Anti-intellectualism

April 8, 2007 at 7:08 pm | Posted in buddhism, Zen | 1 Comment

It’s no secret that anti-intellectualism is becoming more common in the USA. There’s a visceral reaction among many prominent media figures when the idea of expertise is brought to the fore, be it in the field of foreign policy, domestic policy, science or anything else.

Much of the problem rests in the heart of evangelical Christianity, which teaches that one needs no knowledge outside of scripture. This includes, ironically, the study of the origins of the bible itself, including translation issues, authorship issues, and historical accuracy.

To me, there is no higher crime than chosen ignorance. This is why Buddhism is where I place my faith.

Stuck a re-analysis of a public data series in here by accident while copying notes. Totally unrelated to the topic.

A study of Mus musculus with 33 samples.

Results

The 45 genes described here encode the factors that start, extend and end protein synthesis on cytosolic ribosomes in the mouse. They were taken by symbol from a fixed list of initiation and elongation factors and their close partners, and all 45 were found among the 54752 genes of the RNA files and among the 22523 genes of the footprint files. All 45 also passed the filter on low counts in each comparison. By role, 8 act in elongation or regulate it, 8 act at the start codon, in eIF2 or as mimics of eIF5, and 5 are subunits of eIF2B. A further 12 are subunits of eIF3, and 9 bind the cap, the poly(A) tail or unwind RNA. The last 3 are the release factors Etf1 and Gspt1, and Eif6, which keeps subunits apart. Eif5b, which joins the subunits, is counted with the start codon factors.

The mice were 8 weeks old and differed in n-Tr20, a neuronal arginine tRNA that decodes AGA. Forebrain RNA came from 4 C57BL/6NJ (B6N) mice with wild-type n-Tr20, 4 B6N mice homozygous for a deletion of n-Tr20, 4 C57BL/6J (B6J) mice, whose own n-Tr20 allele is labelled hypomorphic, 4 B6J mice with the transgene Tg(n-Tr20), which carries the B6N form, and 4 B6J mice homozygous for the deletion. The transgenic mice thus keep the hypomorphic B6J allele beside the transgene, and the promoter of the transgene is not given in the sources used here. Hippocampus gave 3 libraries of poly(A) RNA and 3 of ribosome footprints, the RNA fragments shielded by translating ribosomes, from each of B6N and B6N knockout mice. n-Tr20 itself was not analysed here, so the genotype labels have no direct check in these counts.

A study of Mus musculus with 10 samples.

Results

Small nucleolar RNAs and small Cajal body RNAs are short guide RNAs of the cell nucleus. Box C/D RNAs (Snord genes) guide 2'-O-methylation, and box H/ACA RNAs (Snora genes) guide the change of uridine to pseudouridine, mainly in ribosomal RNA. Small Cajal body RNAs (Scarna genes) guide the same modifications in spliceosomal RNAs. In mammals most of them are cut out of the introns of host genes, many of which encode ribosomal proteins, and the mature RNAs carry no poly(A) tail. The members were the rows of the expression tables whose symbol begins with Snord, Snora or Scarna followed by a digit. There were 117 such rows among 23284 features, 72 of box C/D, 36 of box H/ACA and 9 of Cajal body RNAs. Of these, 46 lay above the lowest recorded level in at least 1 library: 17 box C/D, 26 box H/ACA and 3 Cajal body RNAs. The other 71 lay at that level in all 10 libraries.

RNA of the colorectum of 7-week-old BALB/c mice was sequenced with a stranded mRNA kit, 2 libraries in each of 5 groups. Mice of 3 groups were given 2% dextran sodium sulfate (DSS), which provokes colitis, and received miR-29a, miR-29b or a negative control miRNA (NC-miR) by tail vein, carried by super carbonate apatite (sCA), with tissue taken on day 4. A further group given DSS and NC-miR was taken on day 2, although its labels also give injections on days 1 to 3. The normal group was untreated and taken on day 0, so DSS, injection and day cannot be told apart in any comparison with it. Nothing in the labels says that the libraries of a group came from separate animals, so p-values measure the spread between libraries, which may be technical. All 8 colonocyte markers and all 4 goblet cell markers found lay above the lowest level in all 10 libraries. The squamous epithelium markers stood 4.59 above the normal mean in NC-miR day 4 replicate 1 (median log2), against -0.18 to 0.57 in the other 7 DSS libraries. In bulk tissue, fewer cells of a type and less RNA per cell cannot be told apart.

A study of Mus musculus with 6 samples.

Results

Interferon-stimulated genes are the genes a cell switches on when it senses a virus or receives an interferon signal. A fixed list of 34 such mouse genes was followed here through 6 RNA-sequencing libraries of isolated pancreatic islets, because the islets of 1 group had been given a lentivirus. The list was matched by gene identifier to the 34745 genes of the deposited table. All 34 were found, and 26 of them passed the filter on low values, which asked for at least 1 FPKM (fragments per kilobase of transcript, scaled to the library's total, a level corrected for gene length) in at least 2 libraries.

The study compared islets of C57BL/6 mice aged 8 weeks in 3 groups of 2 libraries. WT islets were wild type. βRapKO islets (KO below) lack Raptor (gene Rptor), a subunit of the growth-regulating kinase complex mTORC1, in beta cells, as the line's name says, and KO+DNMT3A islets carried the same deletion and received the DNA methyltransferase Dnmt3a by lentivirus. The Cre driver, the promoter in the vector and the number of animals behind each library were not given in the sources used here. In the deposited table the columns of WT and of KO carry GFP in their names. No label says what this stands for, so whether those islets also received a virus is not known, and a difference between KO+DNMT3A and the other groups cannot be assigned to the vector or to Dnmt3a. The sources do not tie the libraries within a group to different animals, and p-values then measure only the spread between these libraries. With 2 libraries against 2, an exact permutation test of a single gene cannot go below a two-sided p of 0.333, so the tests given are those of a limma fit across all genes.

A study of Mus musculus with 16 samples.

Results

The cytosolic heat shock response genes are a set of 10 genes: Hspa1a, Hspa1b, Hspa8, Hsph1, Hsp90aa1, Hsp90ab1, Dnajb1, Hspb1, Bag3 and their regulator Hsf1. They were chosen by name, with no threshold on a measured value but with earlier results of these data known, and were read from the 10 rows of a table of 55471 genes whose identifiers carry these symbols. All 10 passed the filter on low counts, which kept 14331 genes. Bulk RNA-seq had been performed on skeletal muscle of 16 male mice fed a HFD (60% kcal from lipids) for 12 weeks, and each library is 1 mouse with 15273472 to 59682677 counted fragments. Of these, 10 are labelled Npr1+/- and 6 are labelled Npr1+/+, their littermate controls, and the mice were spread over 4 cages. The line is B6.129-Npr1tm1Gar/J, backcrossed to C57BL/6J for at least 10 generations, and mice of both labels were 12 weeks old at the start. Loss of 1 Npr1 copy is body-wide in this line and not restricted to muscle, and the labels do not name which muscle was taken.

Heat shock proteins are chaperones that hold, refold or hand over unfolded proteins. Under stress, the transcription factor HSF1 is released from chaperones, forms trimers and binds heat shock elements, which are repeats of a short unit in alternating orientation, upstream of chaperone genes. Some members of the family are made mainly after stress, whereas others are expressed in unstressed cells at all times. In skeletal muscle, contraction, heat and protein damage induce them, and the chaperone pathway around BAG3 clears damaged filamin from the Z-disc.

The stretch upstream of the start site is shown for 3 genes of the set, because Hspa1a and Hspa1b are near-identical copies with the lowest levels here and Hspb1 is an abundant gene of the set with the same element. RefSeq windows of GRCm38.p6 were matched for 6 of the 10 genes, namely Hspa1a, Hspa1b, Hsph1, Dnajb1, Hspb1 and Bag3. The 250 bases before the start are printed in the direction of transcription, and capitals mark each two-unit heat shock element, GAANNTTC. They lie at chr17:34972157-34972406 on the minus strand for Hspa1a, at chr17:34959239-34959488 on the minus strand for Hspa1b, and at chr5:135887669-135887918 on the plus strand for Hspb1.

Indeed, he who moves in the company of fools grieves for longing. Association with fools is ever painful, like partnership with an enemy. But association with the wise is happy, like meeting one’s own kinsmen.

Certainly, there are Zen lineages where Monks are encouraged to ignore worldy pursuits to focus on their studies, but this is a far cry from enforced ignorance on lay people.

I think Christianity as a faith has much to teach everyone. On Easter, I’m reminded of the potential for rebirth, and I do hope that there are some who can lead the Christian faithful back to the path of reason and science and away from the dangers of anti-intellectualism.



    I really enjoy your writing. It seems well grounded in not only Buddhist principles but has a solid footing political science and history as well.

    A joy to read.

    Hope you won’t object if I add you to my blogroll.